BROWNSVILLE, Texas -- On a doorstep outside a family home, a father wondered why police had to shoot his son in the hall of the boy's middle school. In an office across town, a police chief insisted that his officers had no choice.
And scores of others in this Texas border city wondered: Could the death of 15-year-old Jaime Gonzalez have been prevented? A day after police fatally shot an eighth-grader who was brandishing a realistic-looking pellet gun, his anguished parents pleaded for answers, demanding to know why police didn't try a Taser or beanbag gun before resorting to deadly force.
In front of the family home, the father lamented his loss and called on authorities to explain their actions. "Why three shots? Why one in the back of the head?" asked Jaime Gonzalez Sr.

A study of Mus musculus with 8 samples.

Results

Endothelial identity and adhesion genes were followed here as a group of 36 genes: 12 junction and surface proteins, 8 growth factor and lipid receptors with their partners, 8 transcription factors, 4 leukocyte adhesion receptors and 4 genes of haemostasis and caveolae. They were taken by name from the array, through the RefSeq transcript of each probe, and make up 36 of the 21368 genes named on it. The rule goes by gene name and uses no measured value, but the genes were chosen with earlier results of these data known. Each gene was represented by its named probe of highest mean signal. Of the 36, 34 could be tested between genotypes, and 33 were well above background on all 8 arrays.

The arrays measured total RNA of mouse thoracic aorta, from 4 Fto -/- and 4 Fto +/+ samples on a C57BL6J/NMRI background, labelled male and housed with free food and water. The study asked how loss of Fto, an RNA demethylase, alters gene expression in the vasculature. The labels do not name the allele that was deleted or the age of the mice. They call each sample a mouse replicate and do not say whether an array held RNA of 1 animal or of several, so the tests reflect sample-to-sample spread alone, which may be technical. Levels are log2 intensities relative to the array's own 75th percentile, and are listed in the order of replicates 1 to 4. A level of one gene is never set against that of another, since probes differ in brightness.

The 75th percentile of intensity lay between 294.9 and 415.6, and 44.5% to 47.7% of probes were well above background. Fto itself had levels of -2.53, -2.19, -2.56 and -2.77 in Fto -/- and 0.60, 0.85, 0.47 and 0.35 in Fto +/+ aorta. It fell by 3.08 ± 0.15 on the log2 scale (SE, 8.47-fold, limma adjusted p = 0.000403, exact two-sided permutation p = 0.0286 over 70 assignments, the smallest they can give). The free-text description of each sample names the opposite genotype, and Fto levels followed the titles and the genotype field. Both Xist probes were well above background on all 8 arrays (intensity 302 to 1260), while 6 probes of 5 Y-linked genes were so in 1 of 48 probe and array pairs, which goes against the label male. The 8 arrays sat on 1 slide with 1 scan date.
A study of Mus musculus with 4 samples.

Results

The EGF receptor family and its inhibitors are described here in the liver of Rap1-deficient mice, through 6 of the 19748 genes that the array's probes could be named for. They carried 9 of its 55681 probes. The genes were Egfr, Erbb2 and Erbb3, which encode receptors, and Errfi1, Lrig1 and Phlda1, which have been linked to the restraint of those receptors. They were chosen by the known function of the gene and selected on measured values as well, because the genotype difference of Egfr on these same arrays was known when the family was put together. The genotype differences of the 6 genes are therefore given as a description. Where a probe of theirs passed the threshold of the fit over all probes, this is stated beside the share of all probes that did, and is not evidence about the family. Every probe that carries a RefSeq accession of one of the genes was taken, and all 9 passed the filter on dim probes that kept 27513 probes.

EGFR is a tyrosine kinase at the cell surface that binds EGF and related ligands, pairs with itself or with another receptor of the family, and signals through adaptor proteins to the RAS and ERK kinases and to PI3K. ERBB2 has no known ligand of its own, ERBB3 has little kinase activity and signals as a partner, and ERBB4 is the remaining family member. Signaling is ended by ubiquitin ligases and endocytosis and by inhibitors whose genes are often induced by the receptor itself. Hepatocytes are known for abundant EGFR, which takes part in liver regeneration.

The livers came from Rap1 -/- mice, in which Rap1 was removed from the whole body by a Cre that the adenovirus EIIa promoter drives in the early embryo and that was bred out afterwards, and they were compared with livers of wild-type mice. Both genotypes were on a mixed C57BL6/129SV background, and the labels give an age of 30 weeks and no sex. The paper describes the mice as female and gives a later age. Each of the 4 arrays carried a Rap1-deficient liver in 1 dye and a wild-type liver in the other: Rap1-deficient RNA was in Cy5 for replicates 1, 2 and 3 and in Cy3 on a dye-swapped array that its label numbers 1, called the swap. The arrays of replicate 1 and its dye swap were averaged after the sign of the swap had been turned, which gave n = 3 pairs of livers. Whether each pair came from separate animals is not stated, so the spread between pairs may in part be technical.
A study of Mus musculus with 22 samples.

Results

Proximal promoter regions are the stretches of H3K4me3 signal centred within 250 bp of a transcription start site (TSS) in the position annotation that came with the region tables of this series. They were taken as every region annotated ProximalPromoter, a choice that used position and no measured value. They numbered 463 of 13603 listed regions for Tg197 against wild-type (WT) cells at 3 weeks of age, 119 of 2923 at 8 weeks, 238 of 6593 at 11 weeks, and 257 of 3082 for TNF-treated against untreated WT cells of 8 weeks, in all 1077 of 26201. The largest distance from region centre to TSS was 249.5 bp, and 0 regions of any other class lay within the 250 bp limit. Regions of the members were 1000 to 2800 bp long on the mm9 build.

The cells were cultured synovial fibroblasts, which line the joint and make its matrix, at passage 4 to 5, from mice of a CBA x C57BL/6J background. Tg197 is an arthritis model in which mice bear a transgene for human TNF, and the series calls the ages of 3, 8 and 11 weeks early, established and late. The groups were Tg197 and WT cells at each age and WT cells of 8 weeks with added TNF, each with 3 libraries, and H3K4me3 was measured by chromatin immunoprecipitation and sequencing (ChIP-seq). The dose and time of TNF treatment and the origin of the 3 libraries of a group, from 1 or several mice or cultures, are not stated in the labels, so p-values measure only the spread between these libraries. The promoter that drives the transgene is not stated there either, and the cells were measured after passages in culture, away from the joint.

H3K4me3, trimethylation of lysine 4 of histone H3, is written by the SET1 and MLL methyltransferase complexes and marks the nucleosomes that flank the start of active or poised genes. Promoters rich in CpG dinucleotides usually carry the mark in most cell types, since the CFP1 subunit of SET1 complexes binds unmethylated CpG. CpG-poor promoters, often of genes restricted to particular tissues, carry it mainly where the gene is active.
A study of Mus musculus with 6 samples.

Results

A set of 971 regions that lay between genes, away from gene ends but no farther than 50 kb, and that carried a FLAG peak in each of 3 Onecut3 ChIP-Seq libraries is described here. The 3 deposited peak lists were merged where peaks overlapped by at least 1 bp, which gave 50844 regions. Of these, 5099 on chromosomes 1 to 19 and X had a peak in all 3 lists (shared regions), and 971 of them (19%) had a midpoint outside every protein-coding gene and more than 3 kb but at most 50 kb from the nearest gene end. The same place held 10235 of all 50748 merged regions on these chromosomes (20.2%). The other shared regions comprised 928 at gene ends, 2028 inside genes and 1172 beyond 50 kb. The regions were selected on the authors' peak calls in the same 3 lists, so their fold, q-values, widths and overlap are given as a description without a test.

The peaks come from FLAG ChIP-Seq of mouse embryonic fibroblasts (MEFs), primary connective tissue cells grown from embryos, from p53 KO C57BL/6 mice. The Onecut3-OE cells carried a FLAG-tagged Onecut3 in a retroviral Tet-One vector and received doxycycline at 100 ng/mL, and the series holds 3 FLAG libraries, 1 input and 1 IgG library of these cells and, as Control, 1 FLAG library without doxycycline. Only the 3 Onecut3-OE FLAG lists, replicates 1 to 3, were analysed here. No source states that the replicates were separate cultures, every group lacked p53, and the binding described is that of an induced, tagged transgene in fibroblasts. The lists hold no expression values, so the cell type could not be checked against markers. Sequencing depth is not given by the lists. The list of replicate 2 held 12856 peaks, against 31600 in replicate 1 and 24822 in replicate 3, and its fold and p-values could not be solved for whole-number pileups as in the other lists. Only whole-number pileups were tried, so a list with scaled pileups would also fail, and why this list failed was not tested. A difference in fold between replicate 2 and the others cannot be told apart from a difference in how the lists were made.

Some standoffs with police last three or four hours, he said. This one "took not even half an hour."
But there was broad agreement among law enforcement experts: If a suspect raises a weapon and refuses to put it down, officers are justified in taking his life. The shooting also raised questions about whether pellet guns should be marked in a way that would easily distinguish them from real handguns.
Brownsville interim Police Chief Orlando Rodriguez denied the family's accusations that the boy had been shot in the back of the head. He defended his officers, saying that the younger Gonzalez pointed the pellet gun at police and repeatedly defied their commands to put it on the floor. Officers spoke with the boy's parents Thursday and exchanged information with them, the chief said.